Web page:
Earlier this year, the Washington Capitals and Wizards became the first teams from the top four U.S. sports leagues to accept investment from a sovereign wealth fund by way of the Qatar Investment Authority’s $200 million purchase of a 5% stake in parent company Monumental Sports & Entertainment.
Now, the teams’ owner is predicting it won’t be the only one of its kind.
“I believe other teams and other leagues will all be embracing pension funds, college endowments, university endowments, and sovereign wealth funds as investors, as a part of the tapestry of their investment base,” Monumental CEO Ted Leonsis told the Washington Post.
Since news of the transaction in June, no other team investments from sovereign wealth funds have been announced, but NBA commissioner Adam Silver has made it clear that the league is open to similar transactions. NFL commissioner Roger Goodell admitted that the league will be forced to discuss investment from sovereign wealth funds at some point, but said team owners haven’t done so yet.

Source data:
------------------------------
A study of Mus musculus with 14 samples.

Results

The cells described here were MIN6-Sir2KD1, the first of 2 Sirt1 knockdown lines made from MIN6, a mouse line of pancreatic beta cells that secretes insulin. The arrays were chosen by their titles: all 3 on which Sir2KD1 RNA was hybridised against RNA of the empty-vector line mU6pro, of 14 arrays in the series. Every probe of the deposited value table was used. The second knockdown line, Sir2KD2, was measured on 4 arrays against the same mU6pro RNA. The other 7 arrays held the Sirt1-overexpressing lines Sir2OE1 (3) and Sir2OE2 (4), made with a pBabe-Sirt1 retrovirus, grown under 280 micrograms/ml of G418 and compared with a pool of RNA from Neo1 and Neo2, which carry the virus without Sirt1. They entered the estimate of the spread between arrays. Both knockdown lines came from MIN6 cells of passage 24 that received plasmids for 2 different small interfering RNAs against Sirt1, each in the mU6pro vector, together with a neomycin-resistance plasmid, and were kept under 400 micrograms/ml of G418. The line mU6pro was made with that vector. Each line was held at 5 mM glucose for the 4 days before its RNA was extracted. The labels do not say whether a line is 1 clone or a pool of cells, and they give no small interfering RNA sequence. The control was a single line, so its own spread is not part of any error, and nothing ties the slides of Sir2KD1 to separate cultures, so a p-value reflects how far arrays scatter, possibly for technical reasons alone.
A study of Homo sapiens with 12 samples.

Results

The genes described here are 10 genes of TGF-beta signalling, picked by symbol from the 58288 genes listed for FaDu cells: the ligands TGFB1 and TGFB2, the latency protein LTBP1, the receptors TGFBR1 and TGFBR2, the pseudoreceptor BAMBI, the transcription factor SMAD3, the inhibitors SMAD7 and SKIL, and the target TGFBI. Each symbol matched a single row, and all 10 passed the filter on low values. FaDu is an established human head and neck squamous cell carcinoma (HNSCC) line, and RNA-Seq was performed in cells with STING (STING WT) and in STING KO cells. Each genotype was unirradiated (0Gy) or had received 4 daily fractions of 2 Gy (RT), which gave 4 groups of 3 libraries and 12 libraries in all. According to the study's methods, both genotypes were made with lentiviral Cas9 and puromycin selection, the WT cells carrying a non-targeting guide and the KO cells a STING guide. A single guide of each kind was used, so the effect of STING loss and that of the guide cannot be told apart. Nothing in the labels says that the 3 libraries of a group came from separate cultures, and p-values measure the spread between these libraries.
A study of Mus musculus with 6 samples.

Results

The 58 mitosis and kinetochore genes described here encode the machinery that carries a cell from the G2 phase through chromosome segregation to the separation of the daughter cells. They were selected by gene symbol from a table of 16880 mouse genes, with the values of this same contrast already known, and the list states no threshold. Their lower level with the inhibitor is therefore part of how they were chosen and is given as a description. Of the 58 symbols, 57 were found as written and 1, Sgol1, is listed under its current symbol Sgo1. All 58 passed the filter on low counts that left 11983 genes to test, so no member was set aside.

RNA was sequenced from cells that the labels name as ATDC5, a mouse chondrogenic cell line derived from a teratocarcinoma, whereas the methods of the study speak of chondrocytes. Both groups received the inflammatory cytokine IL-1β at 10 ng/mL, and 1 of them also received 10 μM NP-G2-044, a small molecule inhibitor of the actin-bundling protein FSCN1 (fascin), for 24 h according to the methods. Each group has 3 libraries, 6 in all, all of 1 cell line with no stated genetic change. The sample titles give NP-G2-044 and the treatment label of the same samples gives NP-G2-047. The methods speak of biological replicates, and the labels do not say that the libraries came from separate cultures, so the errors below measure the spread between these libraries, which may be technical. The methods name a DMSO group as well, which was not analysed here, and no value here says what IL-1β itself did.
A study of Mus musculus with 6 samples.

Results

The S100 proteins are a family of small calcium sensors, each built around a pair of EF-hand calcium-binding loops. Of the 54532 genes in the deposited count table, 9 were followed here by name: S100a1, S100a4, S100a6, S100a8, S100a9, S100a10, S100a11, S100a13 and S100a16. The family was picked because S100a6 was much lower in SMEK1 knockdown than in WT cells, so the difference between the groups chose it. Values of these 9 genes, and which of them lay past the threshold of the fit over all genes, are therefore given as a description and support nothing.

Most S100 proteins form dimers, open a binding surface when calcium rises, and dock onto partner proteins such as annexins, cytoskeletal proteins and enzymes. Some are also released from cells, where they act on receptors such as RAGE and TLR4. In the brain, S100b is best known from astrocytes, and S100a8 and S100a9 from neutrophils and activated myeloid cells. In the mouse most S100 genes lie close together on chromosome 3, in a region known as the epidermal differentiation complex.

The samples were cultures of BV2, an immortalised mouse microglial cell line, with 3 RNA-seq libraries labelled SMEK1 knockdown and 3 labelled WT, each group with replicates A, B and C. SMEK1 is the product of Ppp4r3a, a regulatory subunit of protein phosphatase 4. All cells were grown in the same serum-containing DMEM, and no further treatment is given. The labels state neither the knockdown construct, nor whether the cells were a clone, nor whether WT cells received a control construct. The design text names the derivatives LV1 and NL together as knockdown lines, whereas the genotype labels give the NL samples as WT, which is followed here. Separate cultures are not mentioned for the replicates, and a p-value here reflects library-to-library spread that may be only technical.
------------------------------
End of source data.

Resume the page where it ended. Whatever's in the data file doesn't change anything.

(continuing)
Leonsis views the QIA more as investors than a traditional limited partner, which he says “expects to get their money back and return in a five-to-seven-year period. A sovereign wealth fund invests directly — they have no time horizon. They want to invest and keep it over a long, long period of time.”
In MLS, NYCFC is owned by City Football Group, which is majority-controlled by an Abu Dhabi Royal Family member. And of course, looming larger by the day is Saudi Arabia’s Public Investment Fund, which is already making waves in the U.S. through its backing of LIV Golf. The PIF-controlled SRJ Sports Investments also has a stake in the U.S.-based Professional Fighters League.